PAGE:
Billikens a confident No. 4 seed
Sunday, March 17, 2013
ST. LOUIS — Saint Louis learned of its No. 4 seed in the Midwest Regional at a Best Buy store in Secaucus, N.J., just before the triumphant team flight home after adding the Atlantic 10 Tournament championship to its impressive resume.
New York-area traffic, you see.
“It was slow getting through Manhattan and as we were getting closer to the time, we wanted to make sure the team could watch the selection show,” athletic director Chris May said in a telephone interview from a stop in Columbus, Ohio. “They turned their big screens on for the Billikens and couldn’t be more welcoming. There was a roar in the store when our name came up.”
Good news in hand, the Billikens (26-7) are NCAA-bound for the second straight season under interim coach Jim Crews after ending a 12-year absence while led by the late Rick Majerus. They’re on a roll heading into Thursday’s game against New Mexico State (24-10) at San Jose, Calif., having won 15 of 16, and 11 of them by double digits.
“A team like this, I don’t think there’s a limit on how far we can go,” A-10 Tournament MVP Dwayne Evans said. “We’ve got a lot of special pieces that work well together.”
It starts with the no-nonsense man at the top.
Crews thought he was going to be a one-year fill-in when Majerus called just before the 2011-12 season searching for an assistant. He was a presence on a No. 9 NCAA seed that knocked off Memphis and pushed top seed Michigan State to the wire, and took over in August while Majerus was hospitalized in California.
Now Crews among the candidates for national coach of the year, although he’ll carry the title of interim coach until the season ends with no guarantees past the NCAA run. He doesn’t seem to mind that a bit.
“We’re going to continue to focus on this team and not have any distractions,” May said. “I couldn’t be more proud and honored about what Jim and the staff have done.”
He also balks at the notion of Saint Louis is embarking on a memorial mission, reflecting his respect for Majerus and also recognizing it could easily backfire.
“It would be great to say ‘Hey, this is for Rick. This is for Rick. This is for Rick,’” Crews said after the A-10 title game. “But, you know, what if we lose? I just don’t buy into that.”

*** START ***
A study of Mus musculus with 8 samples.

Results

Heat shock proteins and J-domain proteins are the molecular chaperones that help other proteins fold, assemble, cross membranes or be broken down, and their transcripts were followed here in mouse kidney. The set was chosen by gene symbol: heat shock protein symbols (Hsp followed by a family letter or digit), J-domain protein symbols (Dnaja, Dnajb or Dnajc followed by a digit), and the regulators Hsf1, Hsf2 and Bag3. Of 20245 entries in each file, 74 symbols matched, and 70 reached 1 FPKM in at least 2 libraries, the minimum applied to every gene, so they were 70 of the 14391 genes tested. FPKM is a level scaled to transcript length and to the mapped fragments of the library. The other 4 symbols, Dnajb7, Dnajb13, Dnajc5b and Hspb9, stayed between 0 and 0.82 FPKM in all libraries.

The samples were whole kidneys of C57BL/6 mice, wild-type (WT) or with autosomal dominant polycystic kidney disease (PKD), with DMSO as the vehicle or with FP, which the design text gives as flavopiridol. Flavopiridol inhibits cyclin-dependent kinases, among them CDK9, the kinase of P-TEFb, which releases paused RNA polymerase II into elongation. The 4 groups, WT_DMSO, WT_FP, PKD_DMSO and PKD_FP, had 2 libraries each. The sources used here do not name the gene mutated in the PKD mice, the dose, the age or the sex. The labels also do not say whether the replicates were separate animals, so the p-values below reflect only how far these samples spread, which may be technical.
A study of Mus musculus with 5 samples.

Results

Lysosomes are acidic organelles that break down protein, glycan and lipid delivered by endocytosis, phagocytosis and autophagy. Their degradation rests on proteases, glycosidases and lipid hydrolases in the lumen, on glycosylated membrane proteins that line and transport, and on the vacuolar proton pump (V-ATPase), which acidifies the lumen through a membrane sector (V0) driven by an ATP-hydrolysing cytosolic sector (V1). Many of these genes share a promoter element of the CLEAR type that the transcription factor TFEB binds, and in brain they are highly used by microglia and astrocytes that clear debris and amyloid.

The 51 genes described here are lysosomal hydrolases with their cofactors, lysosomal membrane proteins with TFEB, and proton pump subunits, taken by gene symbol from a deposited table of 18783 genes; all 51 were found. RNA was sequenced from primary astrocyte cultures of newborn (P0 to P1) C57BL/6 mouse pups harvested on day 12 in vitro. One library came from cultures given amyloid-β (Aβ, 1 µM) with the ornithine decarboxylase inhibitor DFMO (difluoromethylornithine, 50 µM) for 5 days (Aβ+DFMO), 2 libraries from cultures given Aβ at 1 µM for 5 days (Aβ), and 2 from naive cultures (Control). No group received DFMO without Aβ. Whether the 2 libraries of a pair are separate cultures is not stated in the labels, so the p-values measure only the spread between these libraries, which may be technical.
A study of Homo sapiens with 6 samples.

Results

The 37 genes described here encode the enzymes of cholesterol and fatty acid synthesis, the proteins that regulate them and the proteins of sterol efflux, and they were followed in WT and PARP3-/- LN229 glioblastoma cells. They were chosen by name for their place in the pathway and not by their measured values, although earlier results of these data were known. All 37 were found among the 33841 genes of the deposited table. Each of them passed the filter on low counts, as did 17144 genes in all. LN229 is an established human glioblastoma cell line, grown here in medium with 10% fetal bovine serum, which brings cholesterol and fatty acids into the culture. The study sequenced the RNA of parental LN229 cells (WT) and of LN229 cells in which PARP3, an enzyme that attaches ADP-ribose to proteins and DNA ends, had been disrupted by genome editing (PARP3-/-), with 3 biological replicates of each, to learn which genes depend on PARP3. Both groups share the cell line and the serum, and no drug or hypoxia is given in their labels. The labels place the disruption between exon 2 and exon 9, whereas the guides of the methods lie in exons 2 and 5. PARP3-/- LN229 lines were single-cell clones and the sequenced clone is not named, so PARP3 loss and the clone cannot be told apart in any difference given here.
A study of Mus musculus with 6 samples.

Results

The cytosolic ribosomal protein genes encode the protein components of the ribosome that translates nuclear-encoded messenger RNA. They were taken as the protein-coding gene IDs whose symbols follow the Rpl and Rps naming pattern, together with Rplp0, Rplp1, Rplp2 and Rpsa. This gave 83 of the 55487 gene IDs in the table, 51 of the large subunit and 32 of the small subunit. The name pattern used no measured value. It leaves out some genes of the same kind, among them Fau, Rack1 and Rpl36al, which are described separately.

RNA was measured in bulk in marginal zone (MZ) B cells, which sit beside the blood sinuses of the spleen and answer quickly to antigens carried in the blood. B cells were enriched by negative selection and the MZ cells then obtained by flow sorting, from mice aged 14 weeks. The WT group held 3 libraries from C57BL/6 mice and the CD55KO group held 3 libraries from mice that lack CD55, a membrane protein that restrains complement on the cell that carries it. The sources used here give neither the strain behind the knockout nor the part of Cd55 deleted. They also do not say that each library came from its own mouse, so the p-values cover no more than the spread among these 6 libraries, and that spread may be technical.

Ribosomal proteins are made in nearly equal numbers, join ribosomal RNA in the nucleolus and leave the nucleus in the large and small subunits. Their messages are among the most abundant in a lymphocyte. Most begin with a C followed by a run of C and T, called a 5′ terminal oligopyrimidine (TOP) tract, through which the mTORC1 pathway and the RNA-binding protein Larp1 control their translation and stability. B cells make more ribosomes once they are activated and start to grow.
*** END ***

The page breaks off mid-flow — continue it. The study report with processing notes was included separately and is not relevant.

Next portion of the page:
Crews also believes such a mission might in some ways cheapen the Majerus legacy.
“Rick’s life and friendship and his coaching and the relationships that he had and the people that he touched — it’s a lot bigger than winning a game or winning a championship or having a good year,” Crews said.
The school’s first conference title team since 1957 and first conference tournament championship title since 2000 has the typical Majerus international flavor with starters from New Zealand and Ontario and a sharp-shooting Australian with a shock of blue paint in his hair for a sixth man.
The key is one of the stingiest defenses in the NCAA.
Saint Louis led the conference by allowing just 58 points per game and contests everything. Saint Joseph’s shot a season-worst 32.6 percent, VCU scored its 10th point Feb. 19 with 4:08 to go in the first half and Dayton coughed up 21 turnovers that produced 30 points on the opposite end.
There’s no shortage of options on offense beyond Evans, the leading scorer and rebounder. Kwamain Mitchell had 19 points in the A-10 title game and is just one of three lightning quick guards with Jordair Jett and Mike McCall Jr. also good at penetrating.
Blue-haired Cody Ellis, who is from Perth, Australia, is the top 3-point threat and snapped out of a prolonged shooting slump in the A-10 final. Rob Loe, 6-11 from Auckland, New Zealand, can hit the long-range shot or score off a drive. The season really took flight after Crews inserted the third international starter, 6-6 sophomore Grandy Glaze, who provides energy in limited minutes.
“I think we’re going to scare some people with matchups,” Ellis said.
New Mexico State is also making its second straight NCAA appearance. The Aggies were also a No. 13 seed last season, losing to Indiana.